Headlines Edition

Saturday Headlines: Sound and vision.

Of the 24 Democrats currently running for president, only 10 mention reproductive rights on their websites.

In border wall planning, Trump prefers sharp, injury-prone spikes rather than field-tested anti-climbing surfaces.

Trump's "Tech Bias Reporting Tool" is almost certainly a ruse to lure people into being targeted by the Trump campaign.

A nationwide survey finds broad support for various aspects of the Green New Deal.

A map estimates the amounts and locations of plastic floating in the world's oceans.

In 2018, the US birth rate dropped for a fourth consecutive year, to its lowest level in 32 years.

Researchers find evidence bedbugs are much older than previously thought, and probably dined on dinosaurs.

Photos of concert halls that make the most of acoustics and aesthetics.

As Jeff Koons breaks the price record for a living artist's work, billionaires push millionaires out of the art market.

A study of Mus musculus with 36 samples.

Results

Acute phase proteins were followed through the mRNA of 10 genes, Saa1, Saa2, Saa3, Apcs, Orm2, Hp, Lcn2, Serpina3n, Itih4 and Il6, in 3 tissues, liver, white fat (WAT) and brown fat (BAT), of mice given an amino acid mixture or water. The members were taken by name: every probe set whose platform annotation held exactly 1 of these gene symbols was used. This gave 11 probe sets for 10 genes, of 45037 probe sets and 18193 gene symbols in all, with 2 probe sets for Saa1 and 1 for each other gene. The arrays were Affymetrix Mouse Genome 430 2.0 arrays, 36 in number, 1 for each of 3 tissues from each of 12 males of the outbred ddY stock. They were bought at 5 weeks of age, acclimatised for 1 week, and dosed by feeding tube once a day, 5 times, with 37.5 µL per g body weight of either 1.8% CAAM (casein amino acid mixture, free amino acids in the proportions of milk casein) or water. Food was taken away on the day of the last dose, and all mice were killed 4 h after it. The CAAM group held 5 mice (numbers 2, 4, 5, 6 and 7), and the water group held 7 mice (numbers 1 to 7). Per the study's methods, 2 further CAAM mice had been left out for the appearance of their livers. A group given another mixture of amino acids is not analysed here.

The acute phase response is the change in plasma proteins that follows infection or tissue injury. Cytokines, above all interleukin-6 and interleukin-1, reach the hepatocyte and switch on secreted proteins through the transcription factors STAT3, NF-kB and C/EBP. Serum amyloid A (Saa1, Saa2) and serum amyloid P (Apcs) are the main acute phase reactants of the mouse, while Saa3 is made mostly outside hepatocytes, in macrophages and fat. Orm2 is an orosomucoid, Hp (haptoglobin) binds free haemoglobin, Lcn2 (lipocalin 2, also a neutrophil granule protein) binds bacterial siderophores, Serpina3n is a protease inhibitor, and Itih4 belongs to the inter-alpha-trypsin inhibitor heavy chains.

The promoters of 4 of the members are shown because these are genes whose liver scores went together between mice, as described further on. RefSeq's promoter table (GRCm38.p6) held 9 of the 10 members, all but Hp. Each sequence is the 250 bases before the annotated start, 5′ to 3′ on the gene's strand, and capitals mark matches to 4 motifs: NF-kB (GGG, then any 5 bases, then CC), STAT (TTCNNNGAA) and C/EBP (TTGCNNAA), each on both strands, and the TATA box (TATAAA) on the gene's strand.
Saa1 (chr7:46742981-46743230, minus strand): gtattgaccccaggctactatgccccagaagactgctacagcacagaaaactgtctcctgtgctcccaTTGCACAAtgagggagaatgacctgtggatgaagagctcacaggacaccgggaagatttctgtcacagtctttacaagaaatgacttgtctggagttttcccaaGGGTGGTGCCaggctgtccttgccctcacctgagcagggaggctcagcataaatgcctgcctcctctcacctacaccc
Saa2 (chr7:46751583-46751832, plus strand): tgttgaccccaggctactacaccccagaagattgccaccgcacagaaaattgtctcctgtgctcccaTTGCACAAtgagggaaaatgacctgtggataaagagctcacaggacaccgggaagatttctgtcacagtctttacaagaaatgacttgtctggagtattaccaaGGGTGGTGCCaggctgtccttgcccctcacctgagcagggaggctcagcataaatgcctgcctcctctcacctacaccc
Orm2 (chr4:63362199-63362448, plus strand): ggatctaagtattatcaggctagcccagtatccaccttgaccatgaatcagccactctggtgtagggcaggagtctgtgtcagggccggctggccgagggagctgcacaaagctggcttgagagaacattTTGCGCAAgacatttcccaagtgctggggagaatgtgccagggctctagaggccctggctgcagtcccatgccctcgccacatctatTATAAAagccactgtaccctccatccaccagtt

A new, terrifying scam: virtual kidnappings, where no one is taken, yet perpetrators frighten loved ones into paying ransoms.

The AI-created version of Joe Rogan's voice is unreal. (Literally.)

AI is quite successful in poetry because it’s able to create something that leaves enough ambiguity so the reader can use a lot of their creativity to bring the poems to life. But when you turn to [longform] literature, AI has been quite unsuccessful. An interview with Marcus du Sautoy, whose new book encourages artists to view AI as a collaborator, rather than a threat.

Generative poetry based on user-submitted terms.

They were disparate, alienated young men attracted to like-minded souls. They wanted something offbeat and off the beaten track, and the shop supplied this. They probably saw the shop as being a beacon in the rather bleak Manchester of the early ’70s. Excerpted from a new oral history of Joy Division: how the legendary band formed, thanks to hanging around bookstores.

Obscured views of a city, photographed by John MacLean.